When it comes to flood risk, the Federal Emergency Management Agency (FEMA)'s Flood Insurance Rate Maps (FIRMs) are the authority — and rightly so. They have decades of engineering intelligence built into them and are refined regularly. In the end, though, they are based on flood models, and as statistician George Box famously wrote, "essentially, all models are wrong, but some are useful."
A recently published report that investigated how well the FIRMs predicted flooding from Superstorm Sandy in 2012 illustrates that while they performed well in some areas, there is also room for improvement. That's because there is no flood model, or model of any natural catastrophe, that will be 100% accurate. In fact, predicting 100% of a flood event is usually a sign of a weak flood model: Imagine a model where everything within 100 miles of water is labeled as High Risk. Flood models display their quality in the zone between, “You don’t need a model to know that’s a flood risk” and “that place will never flood”. In statistical terms, the sweet spot is around 75% or 80% of flooding predicted. This is about where FEMA's FIRMs were on Sandy, but there is more to understanding flood risk than statistics.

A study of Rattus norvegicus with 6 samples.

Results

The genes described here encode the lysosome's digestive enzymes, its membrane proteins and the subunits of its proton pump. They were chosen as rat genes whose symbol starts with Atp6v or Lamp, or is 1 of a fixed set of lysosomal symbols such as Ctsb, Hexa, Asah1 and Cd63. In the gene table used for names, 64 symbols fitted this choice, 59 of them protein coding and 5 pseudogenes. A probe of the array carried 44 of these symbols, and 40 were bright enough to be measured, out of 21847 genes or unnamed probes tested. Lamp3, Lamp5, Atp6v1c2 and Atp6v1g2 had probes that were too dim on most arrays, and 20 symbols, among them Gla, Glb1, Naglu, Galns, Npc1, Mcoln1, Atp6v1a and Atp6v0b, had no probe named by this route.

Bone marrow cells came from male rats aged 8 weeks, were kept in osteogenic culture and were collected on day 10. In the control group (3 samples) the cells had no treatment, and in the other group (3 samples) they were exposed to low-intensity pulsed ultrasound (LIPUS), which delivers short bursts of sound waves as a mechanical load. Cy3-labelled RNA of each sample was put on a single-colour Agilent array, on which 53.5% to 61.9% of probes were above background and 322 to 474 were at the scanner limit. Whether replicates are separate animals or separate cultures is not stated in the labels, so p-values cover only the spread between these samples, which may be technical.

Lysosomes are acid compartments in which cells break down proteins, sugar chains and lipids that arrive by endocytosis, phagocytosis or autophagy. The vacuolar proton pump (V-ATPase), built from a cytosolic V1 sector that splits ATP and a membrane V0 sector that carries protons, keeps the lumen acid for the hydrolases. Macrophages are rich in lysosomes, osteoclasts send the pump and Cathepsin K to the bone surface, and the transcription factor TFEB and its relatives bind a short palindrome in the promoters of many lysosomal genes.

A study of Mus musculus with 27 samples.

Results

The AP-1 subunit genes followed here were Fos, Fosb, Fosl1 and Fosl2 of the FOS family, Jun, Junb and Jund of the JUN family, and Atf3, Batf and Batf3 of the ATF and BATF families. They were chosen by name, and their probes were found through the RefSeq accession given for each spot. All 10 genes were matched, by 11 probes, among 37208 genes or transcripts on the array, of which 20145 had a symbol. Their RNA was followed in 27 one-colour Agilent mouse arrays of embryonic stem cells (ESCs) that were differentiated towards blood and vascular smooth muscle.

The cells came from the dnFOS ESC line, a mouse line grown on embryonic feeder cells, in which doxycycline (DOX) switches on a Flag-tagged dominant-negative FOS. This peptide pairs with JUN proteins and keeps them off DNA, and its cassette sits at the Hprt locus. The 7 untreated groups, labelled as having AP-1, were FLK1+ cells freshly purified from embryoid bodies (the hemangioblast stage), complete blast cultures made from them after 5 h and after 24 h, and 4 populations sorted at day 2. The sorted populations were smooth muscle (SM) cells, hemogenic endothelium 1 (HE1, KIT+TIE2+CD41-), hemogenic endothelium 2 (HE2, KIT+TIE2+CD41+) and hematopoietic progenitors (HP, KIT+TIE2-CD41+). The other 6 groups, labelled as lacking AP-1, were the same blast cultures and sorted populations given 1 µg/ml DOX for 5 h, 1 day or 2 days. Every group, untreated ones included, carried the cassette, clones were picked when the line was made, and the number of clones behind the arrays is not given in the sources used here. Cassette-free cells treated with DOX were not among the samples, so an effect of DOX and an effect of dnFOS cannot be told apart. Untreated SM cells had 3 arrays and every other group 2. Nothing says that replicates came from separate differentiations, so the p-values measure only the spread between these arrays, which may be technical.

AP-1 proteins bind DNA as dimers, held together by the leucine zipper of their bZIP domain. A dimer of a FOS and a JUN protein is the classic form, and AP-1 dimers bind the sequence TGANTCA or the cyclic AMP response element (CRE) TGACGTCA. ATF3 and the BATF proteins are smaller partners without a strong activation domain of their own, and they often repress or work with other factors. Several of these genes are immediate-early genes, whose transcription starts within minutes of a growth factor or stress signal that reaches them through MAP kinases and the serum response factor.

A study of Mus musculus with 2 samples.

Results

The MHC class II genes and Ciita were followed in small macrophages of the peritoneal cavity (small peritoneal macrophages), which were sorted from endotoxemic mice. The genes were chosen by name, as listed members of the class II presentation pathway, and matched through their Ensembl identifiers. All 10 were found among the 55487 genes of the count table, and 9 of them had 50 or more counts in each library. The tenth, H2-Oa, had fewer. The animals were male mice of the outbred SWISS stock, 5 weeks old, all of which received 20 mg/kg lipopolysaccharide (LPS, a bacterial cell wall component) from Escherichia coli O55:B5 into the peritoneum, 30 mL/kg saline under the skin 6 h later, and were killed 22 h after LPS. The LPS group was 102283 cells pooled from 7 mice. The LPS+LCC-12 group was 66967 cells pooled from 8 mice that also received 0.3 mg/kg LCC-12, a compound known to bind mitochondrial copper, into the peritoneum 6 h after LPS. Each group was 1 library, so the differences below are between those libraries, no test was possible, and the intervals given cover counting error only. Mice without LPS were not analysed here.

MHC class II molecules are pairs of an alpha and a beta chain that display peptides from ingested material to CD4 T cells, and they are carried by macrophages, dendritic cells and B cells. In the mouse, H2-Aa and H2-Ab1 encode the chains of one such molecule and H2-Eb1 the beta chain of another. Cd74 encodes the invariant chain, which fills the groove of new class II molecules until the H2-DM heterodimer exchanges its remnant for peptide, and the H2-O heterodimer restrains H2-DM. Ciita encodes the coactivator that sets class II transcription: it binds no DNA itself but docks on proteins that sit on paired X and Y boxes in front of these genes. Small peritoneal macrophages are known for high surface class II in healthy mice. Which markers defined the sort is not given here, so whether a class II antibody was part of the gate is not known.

After all the time and effort FEMA has spent perfecting the FIRMs, how is it possible to improve on what the FIRMs have to say? There are a few ways.
The first way is to compare multiple flood models. Where the models agree are the areas where the flood risk is probably well modeled. However, they will disagree in that zone between the obvious results, and looking closer at the areas of disagreement will be fruitful.
Another way to improve an understanding of flood risk is to use elevation data in tandem with flood risk maps. Regardless of how the modeling has been done, the process incorporated elevation information in some way. Using the actual elevation data lets someone visualize directly where water will flow and create the higher risk.
InsitePro, Intermap’s location-specific risk solution, now has features that allow users to do all this, and more. Through an intuitive profiling tool, InsitePro users have access to the world’s best global elevation datasets. With both single and multi location capability, it is now easy for InsitePro users to compare flood models and quickly understand risk from flood and other perils based on more than a single perspective.